Custom LUT workflows have become quite the talking point as of late. Whilst the concept is nothing new, accessibility to log shooting cameras and LUT viewable monitoring has increased and in-turn the workflow is now much more popular. In light of this, the Deluts package is perfectly timed; a collection of custom made LUTs by filmmaker James Miller designed from monitoring on set right through to the grade.
A LUT (or Look Up Table) is simply a manipulation of your image. An alteration of colour and contrast to provide you with a non-destructive* view of how your image can look once adjustment is applied. This is ideal on set when working in a log (flat) profile and you simply want an easier image to exposure and focus with, or want to provide your client with a view of how the image may roughly look when completed.
*Whilst the intention is usually non-destructive, (viewable, not recordable) it is possible to record an applied LUT should you prefer.
The beauty of LUTs is consistency throughout the entire workflow; you can apply the same LUT to your monitor on set to your NLE editing system in the grade. This is especially useful if there are multiple people working on a project and you want the desired look of your piece to be translated right the way through the production.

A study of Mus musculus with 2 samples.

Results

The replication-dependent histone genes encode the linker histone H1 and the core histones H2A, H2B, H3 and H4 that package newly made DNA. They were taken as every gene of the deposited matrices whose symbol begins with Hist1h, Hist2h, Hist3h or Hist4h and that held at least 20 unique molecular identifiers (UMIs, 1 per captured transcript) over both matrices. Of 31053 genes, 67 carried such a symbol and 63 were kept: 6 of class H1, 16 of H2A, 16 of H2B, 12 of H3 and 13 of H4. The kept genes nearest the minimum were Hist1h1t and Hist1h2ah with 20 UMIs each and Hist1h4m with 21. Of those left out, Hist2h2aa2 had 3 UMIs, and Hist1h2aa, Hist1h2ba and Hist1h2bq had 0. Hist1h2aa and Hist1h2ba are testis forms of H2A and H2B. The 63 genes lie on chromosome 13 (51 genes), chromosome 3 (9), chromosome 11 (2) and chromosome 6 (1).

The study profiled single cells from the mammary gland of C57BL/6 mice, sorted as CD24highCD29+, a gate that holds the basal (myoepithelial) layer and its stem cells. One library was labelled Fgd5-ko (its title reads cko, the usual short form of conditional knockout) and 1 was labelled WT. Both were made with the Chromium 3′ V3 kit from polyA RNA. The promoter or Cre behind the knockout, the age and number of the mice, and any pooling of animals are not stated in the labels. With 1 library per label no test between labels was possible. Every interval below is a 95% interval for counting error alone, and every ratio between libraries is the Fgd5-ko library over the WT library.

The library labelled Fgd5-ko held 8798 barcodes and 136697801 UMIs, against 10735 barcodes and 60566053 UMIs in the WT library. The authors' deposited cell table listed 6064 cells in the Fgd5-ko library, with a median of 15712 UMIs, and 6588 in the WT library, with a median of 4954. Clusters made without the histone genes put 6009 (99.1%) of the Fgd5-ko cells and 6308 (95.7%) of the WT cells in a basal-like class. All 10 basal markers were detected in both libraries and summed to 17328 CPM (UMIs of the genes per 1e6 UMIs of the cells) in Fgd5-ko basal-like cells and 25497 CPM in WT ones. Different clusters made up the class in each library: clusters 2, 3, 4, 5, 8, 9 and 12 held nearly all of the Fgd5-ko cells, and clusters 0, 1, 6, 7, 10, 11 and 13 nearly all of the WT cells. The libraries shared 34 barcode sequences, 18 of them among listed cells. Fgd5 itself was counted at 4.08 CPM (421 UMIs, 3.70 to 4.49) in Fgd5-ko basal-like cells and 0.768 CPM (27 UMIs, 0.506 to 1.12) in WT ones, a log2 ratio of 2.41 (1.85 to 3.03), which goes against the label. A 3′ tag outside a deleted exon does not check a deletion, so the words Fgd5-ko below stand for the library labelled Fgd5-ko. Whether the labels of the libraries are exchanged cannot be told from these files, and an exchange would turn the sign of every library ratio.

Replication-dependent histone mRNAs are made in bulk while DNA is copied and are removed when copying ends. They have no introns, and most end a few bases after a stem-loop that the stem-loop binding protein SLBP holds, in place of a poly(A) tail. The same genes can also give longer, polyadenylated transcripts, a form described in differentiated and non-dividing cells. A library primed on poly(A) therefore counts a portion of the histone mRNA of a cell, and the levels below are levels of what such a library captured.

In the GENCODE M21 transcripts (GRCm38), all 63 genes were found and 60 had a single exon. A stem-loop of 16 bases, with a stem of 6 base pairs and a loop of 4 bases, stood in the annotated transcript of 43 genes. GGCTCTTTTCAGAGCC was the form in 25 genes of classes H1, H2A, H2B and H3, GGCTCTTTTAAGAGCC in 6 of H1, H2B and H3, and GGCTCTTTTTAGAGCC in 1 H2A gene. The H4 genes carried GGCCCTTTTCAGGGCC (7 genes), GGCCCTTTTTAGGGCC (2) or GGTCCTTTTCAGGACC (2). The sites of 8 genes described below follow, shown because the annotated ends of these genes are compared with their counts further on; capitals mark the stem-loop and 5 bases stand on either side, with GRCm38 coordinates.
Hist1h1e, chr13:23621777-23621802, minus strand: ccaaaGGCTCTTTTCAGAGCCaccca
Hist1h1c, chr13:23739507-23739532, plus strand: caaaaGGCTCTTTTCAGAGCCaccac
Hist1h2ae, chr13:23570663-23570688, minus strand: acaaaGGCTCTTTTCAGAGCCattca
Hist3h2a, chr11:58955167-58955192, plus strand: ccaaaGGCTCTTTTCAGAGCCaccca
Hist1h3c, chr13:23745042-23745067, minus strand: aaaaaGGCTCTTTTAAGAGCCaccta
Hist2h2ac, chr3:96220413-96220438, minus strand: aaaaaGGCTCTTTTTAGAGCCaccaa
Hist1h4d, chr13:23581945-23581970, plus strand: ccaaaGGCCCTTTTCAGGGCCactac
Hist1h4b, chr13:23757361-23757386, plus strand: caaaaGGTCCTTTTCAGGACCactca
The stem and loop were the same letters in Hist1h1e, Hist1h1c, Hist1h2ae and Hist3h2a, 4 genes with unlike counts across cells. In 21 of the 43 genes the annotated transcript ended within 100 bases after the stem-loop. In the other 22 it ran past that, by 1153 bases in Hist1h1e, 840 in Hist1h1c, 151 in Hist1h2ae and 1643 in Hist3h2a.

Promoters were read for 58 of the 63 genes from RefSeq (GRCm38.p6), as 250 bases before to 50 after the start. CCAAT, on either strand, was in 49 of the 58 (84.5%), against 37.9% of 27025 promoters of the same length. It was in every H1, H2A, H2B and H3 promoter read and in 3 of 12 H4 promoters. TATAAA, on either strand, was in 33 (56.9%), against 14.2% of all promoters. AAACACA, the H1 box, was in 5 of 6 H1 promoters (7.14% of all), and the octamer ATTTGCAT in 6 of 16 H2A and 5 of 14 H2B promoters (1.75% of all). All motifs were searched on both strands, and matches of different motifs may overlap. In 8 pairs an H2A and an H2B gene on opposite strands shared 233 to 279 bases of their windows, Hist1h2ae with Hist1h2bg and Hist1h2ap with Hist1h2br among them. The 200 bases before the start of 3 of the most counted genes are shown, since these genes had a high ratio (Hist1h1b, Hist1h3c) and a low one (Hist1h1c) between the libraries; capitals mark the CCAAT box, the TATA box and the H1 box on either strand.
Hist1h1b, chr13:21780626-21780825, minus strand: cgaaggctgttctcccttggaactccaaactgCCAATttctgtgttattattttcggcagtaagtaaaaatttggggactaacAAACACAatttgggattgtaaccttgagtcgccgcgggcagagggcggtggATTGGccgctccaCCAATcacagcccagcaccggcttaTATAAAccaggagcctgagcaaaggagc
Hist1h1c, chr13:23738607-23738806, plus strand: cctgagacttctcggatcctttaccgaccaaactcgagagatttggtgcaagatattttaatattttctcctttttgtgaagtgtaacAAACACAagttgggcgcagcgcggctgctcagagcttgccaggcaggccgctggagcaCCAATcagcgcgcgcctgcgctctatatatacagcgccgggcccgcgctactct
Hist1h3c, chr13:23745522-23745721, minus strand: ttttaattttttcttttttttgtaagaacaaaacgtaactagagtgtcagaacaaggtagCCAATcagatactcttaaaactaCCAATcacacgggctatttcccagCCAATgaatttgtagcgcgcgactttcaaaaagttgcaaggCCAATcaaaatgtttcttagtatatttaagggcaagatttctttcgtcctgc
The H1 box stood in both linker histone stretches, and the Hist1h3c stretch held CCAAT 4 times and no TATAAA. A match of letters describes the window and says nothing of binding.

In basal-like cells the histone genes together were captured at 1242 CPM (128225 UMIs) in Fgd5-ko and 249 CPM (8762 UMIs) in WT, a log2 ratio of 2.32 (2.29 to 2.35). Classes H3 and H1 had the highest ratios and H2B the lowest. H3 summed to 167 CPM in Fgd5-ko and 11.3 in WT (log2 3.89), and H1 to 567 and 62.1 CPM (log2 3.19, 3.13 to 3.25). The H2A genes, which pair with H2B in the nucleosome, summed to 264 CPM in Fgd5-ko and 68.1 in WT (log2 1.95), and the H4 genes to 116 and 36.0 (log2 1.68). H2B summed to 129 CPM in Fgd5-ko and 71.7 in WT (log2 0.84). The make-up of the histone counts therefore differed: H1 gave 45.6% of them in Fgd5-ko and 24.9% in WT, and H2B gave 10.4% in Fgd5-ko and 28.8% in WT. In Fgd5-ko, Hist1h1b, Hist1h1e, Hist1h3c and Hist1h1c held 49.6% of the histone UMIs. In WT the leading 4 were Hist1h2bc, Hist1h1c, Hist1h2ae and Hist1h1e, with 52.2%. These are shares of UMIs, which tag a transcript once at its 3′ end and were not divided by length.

As an operator, one thing I’ve struggled with in the past is a good collection of LUTs. I’ve often made quick contrast adjustments directly on the Atomos Shogun, just to please the eye whilst shooting with the knowledge that it will look better once I’ve added a grade later on. I simply don’t have the time or grading experience to devote to constructing my own LUTs for different jobs.
Filmmaker James Miller has just released a fantastic solution. Deluts is a package compromised of nearly 30 custom LUT profiles to use on set or in the edit/grade.
Available in both .3DL and .cube Deluts is compatible with most NLE systems and LUT compatible cameras and monitors.
I was out shooting yesterday, testing the new downscale function of the Atomos Shogun on the Sony a7S. I was testing whether or not the 1080 output of the 4K Shogun was any better than a direct 1080p feed from the a7S. Unfortunately it doesn’t, there’s no visible difference between the two, but I was left with some throw away footage to test out the Deluts package on.
Loading LUTs in Premiere Pro CC is easy, simply create a new adjustment layer and add this on a video track over your footage. Apply Lumetri (in-built effect) effect to your adjustment layer and navigate through your finder window to the Delut of your choice.
Filmmaker friend of mine Daniel Peters has put together a tutorial on adding LUTs in Premiere Pro CC and DaVinci Resolve:
Tweaking your look can be done so by altering the opacity of your adjustment layer, or adding adjustments to your video layer as your would normally.
Here are some examples of different Deluts looks I’ve put together quickly (as a Brit, I’m very much a fan of the England cities naming theme of the LUTs!). The footage is shot on the Sony a7S in 4K on the Atomos Shogun, scaled down to 1080 on the Premiere Pro CC timeline.
I’ve simply added different LUTs on separate adjustment layers, reducing the opacity on just a couple with a tad sharpening. No other correction applied.